If your dog has a broken or badly decayed tooth, an extraction may be needed to relieve the pain and restore your dog's oral health. In today's article, our veterinarians in White House explain what to expect if your dog needs a tooth extraction.

Understanding Dog Dental Extractions

Tooth extraction in dogs is a surgical procedure performed by a veterinarian. During the extraction process, your dog will be placed under general anesthesia. This puts him at ease, prevents him from struggling, and enables our veterinary team to perform the extraction safely.

At , our veterinarians understand that learning your dog needs dental surgery can be overwhelming, but we want to assure you that we are committed to making the extraction process as stress-free as possible for you and your dog.

If it turns out that your canine companion needs dental surgery, your veterinarian will take the time to review each step of the process with you and answer any questions you may have about the procedure or the recovery process. Our goal is to make your experience in our pet hospital stress-free and efficient.

Why Your Dog May Need Dental Surgery

In most cases, a dog may require a tooth extraction due to decay or advanced gum disease resulting from inadequate oral hygiene. When a tooth is damaged beyond repair, it's important to eliminate it to prevent infection and pain caused by the decayed tooth. 

After your dog undergoes the removal of its diseased tooth or teeth, it's crucial to consult with your veterinarian regarding proper home care to prevent other teeth from decaying similarly. Additionally, you should make sure to schedule regular professional dental cleanings and checkups for your furry friend. Good dental care plays a significant role in your pup's oral and overall health.

Apart from the common causes of gum disease and decay, there are other reasons why your dog may require a tooth extraction.

  • Fractured or broken teeth - Broken teeth can lead to painful abscesses and infection.
  • Deciduous teeth - Baby teeth that do not fall out on their own may need to be removed.
  • Oral tumors - The treatment of tumors may involve the extraction of nearby teeth.
  • Orthodontic abnormalities - Just like humans, sometimes dogs have teeth where they don't belong.

What to Expect After Tooth Extraction in Dogs

Teeth are held in our mouths by roots. In dogs, an individual tooth can be held by as many as three roots. To completely extract a tooth, all roots must be removed.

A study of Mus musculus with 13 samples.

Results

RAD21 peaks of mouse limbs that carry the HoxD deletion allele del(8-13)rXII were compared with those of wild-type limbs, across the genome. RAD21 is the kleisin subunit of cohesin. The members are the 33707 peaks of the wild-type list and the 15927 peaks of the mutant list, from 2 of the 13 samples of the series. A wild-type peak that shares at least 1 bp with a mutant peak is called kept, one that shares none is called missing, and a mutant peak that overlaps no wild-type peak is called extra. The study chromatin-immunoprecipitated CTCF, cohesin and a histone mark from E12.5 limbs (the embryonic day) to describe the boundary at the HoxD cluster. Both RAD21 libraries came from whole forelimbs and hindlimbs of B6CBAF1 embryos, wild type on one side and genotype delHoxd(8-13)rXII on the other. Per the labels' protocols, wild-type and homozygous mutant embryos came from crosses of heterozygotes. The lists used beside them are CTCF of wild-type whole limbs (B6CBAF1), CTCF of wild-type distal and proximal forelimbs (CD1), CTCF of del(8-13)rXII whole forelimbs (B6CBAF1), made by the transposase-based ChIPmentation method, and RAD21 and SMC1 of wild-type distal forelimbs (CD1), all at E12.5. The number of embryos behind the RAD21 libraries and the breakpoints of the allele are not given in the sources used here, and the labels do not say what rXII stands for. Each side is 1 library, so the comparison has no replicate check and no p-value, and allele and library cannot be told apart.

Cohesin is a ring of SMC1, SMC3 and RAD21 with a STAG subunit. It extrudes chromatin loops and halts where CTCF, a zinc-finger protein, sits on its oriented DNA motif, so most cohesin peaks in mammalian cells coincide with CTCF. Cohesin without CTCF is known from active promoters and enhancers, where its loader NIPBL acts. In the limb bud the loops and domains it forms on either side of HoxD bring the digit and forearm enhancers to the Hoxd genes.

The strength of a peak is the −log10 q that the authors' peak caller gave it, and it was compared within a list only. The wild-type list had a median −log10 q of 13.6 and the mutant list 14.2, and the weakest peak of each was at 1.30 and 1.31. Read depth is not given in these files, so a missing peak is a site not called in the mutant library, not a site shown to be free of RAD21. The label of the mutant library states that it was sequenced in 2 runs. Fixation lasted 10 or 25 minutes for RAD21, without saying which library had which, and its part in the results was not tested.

During your dog's dental surgery, they will be under anesthesia. Once they wake up, they may feel groggy or lethargic for the rest of the day. This is a normal reaction.

As the recovery time from this procedure is relatively quick, you should be able to bring your pet home on the same day as the surgery. If your pet mainly eats hard kibble, you can soften it in warm water for a few days before serving. You should also avoid playing any tugging games with your dog until their mouth has fully healed, which typically takes around two weeks.

You may also notice traces of blood in your dog's saliva. This is normal, but there should not be any significant bleeding. If you observe any significant bleeding, please contact your veterinarian immediately.

Possible Complications of Dog Dental Surgery

If the tissue at the site of your dog's tooth extraction becomes infected you will likely notice one or more of the following symptoms: 

  • Bad odor from your dog’s mouth
  • Swelling of the lower or upper jawline, or under your pup's eyes
  • Refusal to eat
  • Runny nose or drooling
  • Lack of energy

Even though antibiotics may have been sent home as part of surgery aftercare, you should check in with your dog’s veterinarian if you notice any of the signs listed above. 

Note: The advice provided in this post is intended for informational purposes and does not constitute medical advice regarding pets. For an accurate diagnosis of your pet's condition, please make an appointment with your vet.

At White House Animal Hospital, we provide emergency, medical, and preventive care for dogs and cats.  Contact our White House veterinary clinic today to book a dental appointment for your dog.